US bribery trial ends with former Hong Kong minister Patrick Ho Chi-ping branded a cheat ‘like out of a movie’, who undermined world markets
- Prosecutors said Patrick Ho’s use of ‘classic’ bribery as he worked for oil firm CEFC China Energy was ‘not how legitimate business is done’
- But Ho’s defence called the prosecution ‘deeply flawed’ and hammered the credibility of a star prosecution witness
A US prosecutor told a jury on Tuesday that “cheating” by former Hong Kong home affairs minister Patrick Ho Chi-ping undermined faith in the international market by lining the pockets of two African presidents to secure oil rights for a Chinese energy conglomerate.
But a defence attorney for Ho called the prosecution “deeply flawed” and assailed the credibility of a Senegalese diplomat who had been indicted alongside Ho before agreeing to testify for the government.
Ho has pleaded not guilty to charges of money laundering, conspiracy and violating the Foreign Corrupt Practices Act in a bribery case that cast a harsh light on several former United Nations officials.
“There’s something rotten about Cheikh Gadio, the man who lied from that witness stand so that he could get a free pass,” the defence attorney, Edward Kim, said in his closing argument, referring to the former foreign minister of Senegal and a critical government witness.
Gadio told jurors last week that Ho and his colleagues at CEFC China Energy paid a US$2 million bribe to the president of Chad amid oil talks in 2014. He said the cash was secreted in gift boxes, and that President Idriss Deby angrily rejected the money and ordered it removed from his compound.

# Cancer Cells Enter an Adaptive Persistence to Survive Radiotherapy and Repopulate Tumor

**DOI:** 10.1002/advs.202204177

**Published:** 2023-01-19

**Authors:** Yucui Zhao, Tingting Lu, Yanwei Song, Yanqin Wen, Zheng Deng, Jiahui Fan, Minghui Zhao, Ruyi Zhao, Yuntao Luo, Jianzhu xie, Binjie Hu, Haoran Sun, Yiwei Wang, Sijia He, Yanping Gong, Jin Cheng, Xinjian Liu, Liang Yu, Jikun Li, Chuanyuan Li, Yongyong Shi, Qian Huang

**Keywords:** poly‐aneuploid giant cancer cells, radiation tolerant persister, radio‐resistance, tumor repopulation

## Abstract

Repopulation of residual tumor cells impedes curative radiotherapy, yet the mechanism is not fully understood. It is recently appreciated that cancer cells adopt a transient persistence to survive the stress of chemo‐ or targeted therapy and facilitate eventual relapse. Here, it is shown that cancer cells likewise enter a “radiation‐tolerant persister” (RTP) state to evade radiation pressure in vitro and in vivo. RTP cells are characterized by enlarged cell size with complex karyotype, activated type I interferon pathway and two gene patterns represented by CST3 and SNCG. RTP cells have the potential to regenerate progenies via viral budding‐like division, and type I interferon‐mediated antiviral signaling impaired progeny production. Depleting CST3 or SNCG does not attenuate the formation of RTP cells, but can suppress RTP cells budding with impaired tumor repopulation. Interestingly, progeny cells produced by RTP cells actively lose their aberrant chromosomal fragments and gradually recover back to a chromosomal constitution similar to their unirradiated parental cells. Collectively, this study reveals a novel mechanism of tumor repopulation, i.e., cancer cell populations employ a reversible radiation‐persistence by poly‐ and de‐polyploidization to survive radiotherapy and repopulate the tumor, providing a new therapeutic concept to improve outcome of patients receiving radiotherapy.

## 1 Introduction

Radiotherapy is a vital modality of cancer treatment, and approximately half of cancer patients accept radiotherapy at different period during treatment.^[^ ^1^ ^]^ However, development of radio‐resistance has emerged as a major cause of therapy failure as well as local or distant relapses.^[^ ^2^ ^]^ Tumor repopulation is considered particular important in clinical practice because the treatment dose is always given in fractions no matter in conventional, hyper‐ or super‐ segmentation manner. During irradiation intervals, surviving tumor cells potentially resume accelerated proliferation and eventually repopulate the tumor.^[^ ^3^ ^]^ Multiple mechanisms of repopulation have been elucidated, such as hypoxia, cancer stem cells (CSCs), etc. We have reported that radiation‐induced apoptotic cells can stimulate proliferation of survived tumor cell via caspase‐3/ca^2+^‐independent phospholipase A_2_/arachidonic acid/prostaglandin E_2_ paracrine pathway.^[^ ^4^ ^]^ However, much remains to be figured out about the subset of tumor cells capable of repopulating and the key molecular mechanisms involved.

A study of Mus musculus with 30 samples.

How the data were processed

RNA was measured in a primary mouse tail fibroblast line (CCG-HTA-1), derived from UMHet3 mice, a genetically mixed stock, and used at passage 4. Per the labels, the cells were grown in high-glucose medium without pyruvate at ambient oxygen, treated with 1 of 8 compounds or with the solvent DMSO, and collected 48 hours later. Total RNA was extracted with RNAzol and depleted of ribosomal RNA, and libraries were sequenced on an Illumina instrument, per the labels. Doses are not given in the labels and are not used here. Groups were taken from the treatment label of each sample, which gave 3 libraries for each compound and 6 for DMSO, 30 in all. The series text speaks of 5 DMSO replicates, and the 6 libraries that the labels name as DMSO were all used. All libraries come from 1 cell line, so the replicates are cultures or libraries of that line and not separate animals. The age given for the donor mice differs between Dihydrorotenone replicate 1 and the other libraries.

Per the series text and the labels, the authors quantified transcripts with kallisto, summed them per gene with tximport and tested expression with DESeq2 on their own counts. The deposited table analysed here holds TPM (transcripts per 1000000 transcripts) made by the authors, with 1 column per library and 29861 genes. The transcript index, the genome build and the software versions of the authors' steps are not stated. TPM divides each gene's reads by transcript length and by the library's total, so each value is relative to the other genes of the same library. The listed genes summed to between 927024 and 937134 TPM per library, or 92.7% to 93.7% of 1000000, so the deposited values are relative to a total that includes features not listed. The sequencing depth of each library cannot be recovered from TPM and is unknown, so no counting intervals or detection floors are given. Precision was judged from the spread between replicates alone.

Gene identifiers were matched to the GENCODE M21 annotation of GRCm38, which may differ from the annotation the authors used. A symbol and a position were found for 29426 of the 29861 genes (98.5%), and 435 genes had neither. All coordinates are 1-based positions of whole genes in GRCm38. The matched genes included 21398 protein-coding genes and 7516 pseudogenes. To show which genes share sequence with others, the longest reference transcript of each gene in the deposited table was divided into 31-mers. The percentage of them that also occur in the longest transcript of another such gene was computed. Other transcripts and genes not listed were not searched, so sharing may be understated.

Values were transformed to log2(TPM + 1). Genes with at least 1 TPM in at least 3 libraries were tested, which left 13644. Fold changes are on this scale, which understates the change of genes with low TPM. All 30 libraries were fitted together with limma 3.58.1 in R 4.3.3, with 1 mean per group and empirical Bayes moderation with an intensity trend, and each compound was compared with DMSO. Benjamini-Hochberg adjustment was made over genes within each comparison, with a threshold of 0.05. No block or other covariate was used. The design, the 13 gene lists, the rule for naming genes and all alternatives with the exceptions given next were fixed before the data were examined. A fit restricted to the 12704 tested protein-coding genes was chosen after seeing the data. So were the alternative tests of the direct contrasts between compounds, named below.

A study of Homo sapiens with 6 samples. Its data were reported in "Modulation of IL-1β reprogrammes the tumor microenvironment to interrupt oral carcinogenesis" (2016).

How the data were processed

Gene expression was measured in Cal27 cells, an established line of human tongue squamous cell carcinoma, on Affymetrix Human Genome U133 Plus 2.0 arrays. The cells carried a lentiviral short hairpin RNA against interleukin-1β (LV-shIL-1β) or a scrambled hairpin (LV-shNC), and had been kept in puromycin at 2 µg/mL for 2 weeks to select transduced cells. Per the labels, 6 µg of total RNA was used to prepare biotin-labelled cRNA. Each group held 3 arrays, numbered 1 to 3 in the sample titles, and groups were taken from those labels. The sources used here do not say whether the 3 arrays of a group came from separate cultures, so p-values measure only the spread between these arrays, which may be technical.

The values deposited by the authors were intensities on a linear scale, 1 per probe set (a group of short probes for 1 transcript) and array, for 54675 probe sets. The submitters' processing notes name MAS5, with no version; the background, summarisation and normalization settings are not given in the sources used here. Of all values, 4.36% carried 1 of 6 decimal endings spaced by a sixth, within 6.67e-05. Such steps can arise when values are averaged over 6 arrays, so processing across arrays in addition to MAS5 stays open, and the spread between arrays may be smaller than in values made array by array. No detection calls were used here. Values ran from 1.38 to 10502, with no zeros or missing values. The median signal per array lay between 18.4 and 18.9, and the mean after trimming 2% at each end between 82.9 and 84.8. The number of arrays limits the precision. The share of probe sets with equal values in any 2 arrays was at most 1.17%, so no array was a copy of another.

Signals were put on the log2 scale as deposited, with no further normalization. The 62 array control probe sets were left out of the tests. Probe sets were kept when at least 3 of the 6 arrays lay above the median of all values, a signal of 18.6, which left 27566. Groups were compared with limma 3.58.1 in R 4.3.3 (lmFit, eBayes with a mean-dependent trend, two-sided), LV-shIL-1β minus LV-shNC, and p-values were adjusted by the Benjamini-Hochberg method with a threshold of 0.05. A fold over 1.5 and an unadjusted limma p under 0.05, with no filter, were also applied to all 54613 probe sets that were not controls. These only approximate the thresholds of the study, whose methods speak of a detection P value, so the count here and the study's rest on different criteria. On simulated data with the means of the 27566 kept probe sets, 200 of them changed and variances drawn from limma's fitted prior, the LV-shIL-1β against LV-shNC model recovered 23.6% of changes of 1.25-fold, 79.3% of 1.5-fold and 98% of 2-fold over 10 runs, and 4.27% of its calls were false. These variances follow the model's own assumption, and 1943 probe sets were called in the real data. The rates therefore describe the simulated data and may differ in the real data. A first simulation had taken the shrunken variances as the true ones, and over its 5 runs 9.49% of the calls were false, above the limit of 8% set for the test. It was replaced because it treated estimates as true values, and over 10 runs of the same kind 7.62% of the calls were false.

Kim acknowledged the cash payment as well as others made to the president and foreign minister of Uganda. But he insisted the transactions were documented, charitable donations, and that Ho “made no attempt to hide what he was doing.”
Kim told jurors it was Gadio who initially suggested paying a bribe to Chadian leaders, pointing to an email in which Gadio suggested the energy company provide Deby with “secret or very confidential financial assistance” for his political campaigns.
“This was a man who thought politics was a for-profit business,” Kim said, telling jurors that Gadio himself has accepted bribes.
Assistant US Attorney Douglas Zolkind painted an entirely different picture of Ho during the seven-day trial, portraying him as a shrewd and calculating operator who had grown accustomed to throwing money at foreign officials to expand the portfolio of CEFC China Energy around the world. Ho worked for the oil firm after leaving the Hong Kong government.
He pointed to a recorded telephone call in which Ho could be heard discussing a “major contribution” to the late John Ashe, an Antiguan diplomat and former president of the United Nations General Assembly. Ho could be heard describing a practice of “give and take” he expected when making such contributions.
“It’s classic, like something out of a movie,” Zolkind said of Ho’s tactics. “This is not how legitimate business is done.”
Other United Nations ties to the case include the involvement of Ugandan foreign minister Sam Kutesa, who also served as president of the UN General Assembly when Ho first sought him out. Ho is accused of paying hundreds of thousands of dollars in bribes to Kutesa and his brother-in-law, long-time Ugandan president Yoweri Museveni.
Jurors also heard testimony from another former president of the UN General Assembly, Vuk Jeremic, a long-time diplomat and former foreign minister to Serbia. Ho befriended Jeremic during his tenure at the United Nations and later secured a consulting job for him at CEFC China Energy.
Jeremic told The Associated Press following his testimony last week that he never witnessed Ho do anything improper.